Best Of :: La Vida
Immigrant raids, detentions, deportations. We read about it in the local news, but rarely do we get to know the people behind the headlines. That's where James E. Garcia comes in. A journalist, Arizona State University professor, and playwright, Garcia uses his literary talent to put a human face on the immigrant drama that is played out every day in downtown Phoenix.
The characters of his plays include day laborers, children torn from their families by immigration raids, and Mexican-Americans struggling with their own identities. We particularly liked Dream Act, a play about a smart young woman brought to the United States as a child by her undocumented parents. She aspires to go to medical school, but is blocked by her immigration status. Then there's Garcia's new play, The Tears of Lives, which follows three children who are left to fend for themselves when their father is caught up in an immigration raid. Based on true events, the children survive on their own for nearly a month before they are finally discovered and helped by local activists.
Garcia started writing plays in 2004, drawing upon his experience as a journalist. "Writing plays is the perfect combination of letting your imagination run wild and having an editorial opinion about the climate," he says. "Pretty much everything I've created onstage is also a commentary on the world I'm living in." Sounds good to us.
To paraphrase an old saying about a dead cat, you could swing a baseball bat in this town and hit a piñata. Many grocery stores sell them, and you can easily cruise 16th Street in central Phoenix and find a wide selection. But would it be wide enough? This year, our little princess didn't want a princess piñata. She wanted a piglet. And not just any swine would do; she wanted Piglet — you know, from Winnie-the-Pooh. After exhausting our brick-and-mortar possibilities, we got online and found Arizona Piñatas. We called, and a cheerful employee complied, agreeing that Piglet would be ready by Friday. And would we like it delivered? What? We just about dropped the iPhone, we were so happy. Yes, absolutely. And, sure, throw in the matching stick to whack the thing with. This endeavor wasn't cheap, we'll warn you. But, boy, was it worth it. Piglet arrived on our front porch on time as promised and was the life of the party until, well, until he wasn't.
People often refer to Phoenix as a young city, but our burgeoning metropolis has a pretty old soul. That's why our hearts delight when we have the opportunity to drive past what used to be the El Mural bar in west Phoenix. It's been years since anyone's hoisted a drink there, but the outside is still emblazoned with the beautiful work of Victor Caldee. Though of Cuban origin, the artist (with the help of Miguel Dominguez) brought together a bevy of Mexican icons: music and entertainment heroes Beatriz Adriana, Lola Beltran, Vicente Fernandez, and Jose Alfredo Jimenez, and revolutionaries Pancho Villa and Emiliano Zapata. The spirit of old Phoeniquera barrios is further connected to a past long gone via the depiction of a Mayan figure and pyramid surrounding El Mural's entrance.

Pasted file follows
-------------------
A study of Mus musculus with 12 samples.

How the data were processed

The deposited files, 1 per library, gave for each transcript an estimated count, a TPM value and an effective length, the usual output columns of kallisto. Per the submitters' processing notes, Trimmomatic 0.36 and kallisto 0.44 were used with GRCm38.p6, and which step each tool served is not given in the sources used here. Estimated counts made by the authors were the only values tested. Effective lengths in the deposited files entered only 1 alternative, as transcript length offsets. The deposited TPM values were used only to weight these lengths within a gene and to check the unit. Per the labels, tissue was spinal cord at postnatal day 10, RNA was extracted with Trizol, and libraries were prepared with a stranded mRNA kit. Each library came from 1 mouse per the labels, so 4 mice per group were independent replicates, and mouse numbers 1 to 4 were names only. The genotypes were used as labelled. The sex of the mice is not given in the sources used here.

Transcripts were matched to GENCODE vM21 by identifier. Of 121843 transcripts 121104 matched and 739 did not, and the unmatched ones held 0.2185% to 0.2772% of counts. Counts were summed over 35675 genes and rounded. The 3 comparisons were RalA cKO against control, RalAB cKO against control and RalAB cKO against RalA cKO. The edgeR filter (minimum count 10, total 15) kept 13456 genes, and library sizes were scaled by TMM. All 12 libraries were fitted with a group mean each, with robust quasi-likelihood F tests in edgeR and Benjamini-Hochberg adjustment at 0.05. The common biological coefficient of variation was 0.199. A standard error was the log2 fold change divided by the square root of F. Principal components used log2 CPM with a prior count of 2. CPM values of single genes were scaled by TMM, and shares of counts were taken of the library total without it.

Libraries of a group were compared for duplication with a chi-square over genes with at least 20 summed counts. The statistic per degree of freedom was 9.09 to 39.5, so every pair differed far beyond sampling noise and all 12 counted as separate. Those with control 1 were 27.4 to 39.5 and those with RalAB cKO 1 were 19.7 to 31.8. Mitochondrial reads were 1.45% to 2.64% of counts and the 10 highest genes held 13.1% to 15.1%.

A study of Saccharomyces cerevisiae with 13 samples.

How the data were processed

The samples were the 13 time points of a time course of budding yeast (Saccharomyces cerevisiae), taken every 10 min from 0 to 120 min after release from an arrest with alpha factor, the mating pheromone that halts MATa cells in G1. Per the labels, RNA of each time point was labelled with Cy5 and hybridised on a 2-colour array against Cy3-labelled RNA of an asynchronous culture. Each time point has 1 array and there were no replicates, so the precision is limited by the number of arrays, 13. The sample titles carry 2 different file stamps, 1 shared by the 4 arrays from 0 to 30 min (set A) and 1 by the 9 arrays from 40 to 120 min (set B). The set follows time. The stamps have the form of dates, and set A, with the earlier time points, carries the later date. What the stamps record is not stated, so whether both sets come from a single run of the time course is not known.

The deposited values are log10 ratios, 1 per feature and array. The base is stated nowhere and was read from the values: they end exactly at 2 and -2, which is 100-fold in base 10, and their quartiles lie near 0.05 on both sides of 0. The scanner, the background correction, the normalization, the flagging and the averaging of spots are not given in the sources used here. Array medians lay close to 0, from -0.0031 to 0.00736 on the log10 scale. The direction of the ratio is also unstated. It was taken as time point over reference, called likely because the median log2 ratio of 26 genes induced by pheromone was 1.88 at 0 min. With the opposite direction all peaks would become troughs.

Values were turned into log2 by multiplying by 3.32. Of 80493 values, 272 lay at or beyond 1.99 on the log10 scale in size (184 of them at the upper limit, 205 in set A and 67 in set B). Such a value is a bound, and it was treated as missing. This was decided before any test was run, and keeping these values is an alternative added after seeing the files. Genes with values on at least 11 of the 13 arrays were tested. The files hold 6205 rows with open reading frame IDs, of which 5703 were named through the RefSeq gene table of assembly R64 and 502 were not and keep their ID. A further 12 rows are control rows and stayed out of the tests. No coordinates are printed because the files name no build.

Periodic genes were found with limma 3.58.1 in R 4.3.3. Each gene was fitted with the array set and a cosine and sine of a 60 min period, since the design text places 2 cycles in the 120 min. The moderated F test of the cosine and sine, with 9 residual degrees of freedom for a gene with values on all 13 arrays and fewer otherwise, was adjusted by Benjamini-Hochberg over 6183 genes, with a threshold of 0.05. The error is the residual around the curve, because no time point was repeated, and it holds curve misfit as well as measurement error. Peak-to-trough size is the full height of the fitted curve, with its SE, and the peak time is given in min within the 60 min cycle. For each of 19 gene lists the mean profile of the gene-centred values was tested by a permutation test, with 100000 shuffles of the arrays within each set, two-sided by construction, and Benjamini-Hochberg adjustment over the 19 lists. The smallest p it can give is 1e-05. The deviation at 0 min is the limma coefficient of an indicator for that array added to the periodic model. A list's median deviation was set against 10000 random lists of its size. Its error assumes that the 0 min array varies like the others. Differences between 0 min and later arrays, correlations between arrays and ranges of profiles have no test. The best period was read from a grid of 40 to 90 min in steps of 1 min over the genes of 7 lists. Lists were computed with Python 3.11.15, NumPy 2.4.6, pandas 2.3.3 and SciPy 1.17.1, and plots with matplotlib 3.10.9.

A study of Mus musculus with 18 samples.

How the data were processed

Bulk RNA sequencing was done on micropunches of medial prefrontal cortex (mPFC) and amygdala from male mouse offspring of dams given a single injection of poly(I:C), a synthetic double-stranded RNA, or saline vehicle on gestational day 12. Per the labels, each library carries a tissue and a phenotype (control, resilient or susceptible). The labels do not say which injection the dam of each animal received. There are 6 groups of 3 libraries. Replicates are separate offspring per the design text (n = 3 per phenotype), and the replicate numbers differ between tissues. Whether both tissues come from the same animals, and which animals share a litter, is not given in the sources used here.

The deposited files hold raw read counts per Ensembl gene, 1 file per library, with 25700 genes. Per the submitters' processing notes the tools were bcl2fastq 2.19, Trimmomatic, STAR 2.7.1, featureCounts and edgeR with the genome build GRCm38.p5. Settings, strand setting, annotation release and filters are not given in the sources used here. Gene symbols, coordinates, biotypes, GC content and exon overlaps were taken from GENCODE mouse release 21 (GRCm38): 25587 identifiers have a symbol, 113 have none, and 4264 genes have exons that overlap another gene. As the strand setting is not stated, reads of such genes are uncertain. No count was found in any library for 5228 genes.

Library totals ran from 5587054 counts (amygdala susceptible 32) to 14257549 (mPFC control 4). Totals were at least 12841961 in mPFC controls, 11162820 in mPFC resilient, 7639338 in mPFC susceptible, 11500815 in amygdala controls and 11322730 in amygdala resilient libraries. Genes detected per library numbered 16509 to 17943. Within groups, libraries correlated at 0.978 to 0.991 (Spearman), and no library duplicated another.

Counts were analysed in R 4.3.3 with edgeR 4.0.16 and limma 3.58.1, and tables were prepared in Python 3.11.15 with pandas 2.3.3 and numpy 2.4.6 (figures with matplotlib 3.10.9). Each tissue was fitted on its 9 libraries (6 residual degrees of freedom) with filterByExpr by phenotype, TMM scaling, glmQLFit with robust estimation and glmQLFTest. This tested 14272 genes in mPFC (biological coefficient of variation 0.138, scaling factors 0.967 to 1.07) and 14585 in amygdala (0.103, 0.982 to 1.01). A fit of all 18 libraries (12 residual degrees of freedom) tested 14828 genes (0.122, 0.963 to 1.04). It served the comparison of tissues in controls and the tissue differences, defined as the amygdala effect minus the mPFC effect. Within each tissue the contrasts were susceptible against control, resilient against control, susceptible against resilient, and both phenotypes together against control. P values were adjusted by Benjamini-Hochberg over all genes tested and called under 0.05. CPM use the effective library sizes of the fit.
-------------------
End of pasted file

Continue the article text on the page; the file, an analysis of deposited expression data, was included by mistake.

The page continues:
For the past several years, the Desert Botanical Garden has thrown the best Dia de los Muertos party in town. This year, the festivities — held Halloween weekend and the first week of November — promise to be grander than ever, with performances, food, and hands-on crafts for the kids. Oh, and a mercado! We'll be sure to stop by to check out the wares offered by Bets and Nancy Nenad, two adventurous Phoenicians who travel through Mexico to bring back a fine, fun selection of skeletons in many forms — from plastic to papier-mâché. Hey, it's a living.
The Hispanic equivalent of the bat mitzvah or "Sweet 16" party, the quinceañera marks a Latina girl's coming of age. It's easy to find a respectable dress for the event, but only at a true tiendas de bodas can you get service to fit a quince's exact needs. Owner Ofelia Martinez understands the Hispanic market and, more importantly, understands young Hispanic women. Her shop carries a wide range of colorful gowns and specializes in "plus sizes," which means girls with curves won't have to stretch and tug their way into a stick-girl dress. Fluffy, traditional quinceañera dresses in shades of peach and robin's-egg blue are plentiful. If the quince is a modern gal, perhaps a more contemporary sheath dress — in ivory white to please la familia. The shop also does in-house alterations and carries latilla veils, rosaries, crowns, and gloves to accessorize the little princess. Whether the quince wants to look like Cinderella or J-Lo in The Wedding Planner, Ofelia has her covered.
At one end of this cavernous, winding mishmash of spaces is a room packed with all kinds of crosses — metal, tin, wooden. At the other end, there's a room full of hand-tooled gun holsters. In between is just about any Mexican tchotchke you can dream of: small wooden guitars, leather wallets, ceramic pots, embroidered dresses. We felt like we'd died and gone to Nogales. Beware: The neighborhood, across the street from the Arizona State Hospital, is in a rough part of town near Van Buren Street. Obviously the owners are aware of their surroundings. The place opens at 9 on weekdays, but whatever the time of day, you'll need to ring the bell before they'll let you in.